NextEra Energy and Hawaiian Electric to "merge"


The rollout of renewables and distributed generation is leading to rapid changes in the utility landscape. This week German giant E.ON announced plans to spin off its fossil fuel generating portfolio to concentrate on renewables, with the next in line for fundamental change is the major Hawaiian utility. NextEra will purchase Hawaiian Electric in a deal that will may have mixed blessings for the continued rollout of distributed generation in solar, according to observers.

The NextEra and Hawaiian Electric merger does not include the banking arm of the utility, ASB Hawaii – which will be spun off as an independent public company. The value of ASB Hawaii is estimated at $3.5 billion.

"We are proud that Hawaiian Electric has agreed to join our company in large part because of our shared vision to bring cleaner, renewable energy to Hawaii, while at the same time helping to reduce energy costs for Hawaiian Electric's customers," said NextEra Chairman and CEO Jim Robo.

"Today, Hawaiian Electric is addressing a vast array of complex and interrelated issues associated with the company's clean energy transformation. We believe our strengths are additive to Hawaiian Electric's, creating an opportunity to enhance value for Hawaii's strategically important energy industry."

Hawaii has emerged as a fascinating solar and storage market, with these and other distributed and renewable technologies competing strongly with diesel-based generation. Both NextEra and Hawaiian Electric have indicated that renewables and storage will play a key role in the island’s energy mix in the future.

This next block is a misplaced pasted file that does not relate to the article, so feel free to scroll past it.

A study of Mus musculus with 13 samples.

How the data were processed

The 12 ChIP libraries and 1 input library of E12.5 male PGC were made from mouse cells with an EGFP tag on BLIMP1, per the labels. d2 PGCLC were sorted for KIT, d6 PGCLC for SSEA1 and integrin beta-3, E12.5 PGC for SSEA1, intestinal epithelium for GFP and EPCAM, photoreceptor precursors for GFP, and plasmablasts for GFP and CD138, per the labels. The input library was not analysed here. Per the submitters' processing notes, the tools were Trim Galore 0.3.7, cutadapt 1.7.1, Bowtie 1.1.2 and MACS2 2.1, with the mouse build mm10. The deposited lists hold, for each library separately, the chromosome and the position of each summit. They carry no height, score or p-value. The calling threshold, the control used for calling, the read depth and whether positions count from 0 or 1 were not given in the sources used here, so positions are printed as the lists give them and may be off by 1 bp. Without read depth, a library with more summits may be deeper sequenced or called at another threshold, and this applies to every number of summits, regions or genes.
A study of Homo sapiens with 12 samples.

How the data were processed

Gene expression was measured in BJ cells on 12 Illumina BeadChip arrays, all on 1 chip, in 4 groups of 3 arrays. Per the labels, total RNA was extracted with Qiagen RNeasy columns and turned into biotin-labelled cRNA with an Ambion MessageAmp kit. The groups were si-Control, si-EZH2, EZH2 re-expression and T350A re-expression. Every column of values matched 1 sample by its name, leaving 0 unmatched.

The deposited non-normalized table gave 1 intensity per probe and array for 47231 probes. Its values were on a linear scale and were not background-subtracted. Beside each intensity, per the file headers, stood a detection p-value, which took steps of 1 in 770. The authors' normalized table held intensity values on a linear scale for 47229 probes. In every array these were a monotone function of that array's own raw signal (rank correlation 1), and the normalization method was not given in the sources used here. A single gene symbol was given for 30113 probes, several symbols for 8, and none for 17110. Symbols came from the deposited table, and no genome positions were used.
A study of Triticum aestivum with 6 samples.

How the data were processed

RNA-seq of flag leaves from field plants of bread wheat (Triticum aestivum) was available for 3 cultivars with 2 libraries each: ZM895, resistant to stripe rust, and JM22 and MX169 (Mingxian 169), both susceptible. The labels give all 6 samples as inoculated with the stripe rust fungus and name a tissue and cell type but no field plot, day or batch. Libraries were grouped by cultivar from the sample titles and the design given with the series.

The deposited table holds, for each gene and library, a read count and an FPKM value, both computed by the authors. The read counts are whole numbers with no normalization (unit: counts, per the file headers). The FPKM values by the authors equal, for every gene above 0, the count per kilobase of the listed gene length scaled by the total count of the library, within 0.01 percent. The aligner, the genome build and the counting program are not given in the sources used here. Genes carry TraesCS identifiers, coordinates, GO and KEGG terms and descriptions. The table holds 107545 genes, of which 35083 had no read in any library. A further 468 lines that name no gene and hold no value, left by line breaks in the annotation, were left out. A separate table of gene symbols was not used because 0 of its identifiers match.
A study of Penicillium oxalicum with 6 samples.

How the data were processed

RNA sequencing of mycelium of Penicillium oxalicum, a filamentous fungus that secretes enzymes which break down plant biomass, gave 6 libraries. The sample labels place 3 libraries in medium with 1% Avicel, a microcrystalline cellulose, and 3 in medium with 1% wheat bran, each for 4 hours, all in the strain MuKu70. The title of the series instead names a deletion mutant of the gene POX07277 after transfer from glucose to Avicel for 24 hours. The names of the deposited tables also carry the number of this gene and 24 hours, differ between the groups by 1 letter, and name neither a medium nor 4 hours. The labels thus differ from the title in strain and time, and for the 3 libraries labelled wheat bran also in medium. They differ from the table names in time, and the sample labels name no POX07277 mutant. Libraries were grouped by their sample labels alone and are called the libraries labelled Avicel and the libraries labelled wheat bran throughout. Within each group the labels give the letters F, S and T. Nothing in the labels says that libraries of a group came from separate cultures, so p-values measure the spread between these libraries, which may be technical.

“While our goals are among the most ambitious in the nation, including increasing renewables to 65 percent, tripling solar and lowering customer bills 20 percent by 2030, we are confident that by leveraging both NextEra Energy and Hawaiian Electric's expertise and the additional financial resources that NextEra Energy brings, we can meet these targets even sooner,” said Hawaiian Electric president and CEO Connie Lau.

In reacting to the news, Forbes‘ energy and environment contributor William Pentland noted NextEra – through its subsidiary Florida Power & Light Company – has not been welcoming of an open distributed generation market or merchant power plants.

“If Florida’s approach to wholesale market competition is any indication of how the distributed generation market will evolve in Hawaii with NextEra running the show at the state’s largest regulated utility, NextEra’s expansion into Hawaii is likely a mixed blessing for the distributed generation business,” wrote Pentland. “Distributed generation companies like SolarCity may have reason to be concerned about their future ability to compete in the most promising market in the United States.”

SunEdison co-founder, cleantech investor and author Jigar Shah told pv magazine that the announcement is "huge news," noting that it leaves an American utility landscape with few competitors. "There will be six large electric utilities left by 2022," said Shah.

The Wall Street Journal reports that Hawaiian Electric supplies power to around 450,000 customers, totaling 95% of Hawaii’s population.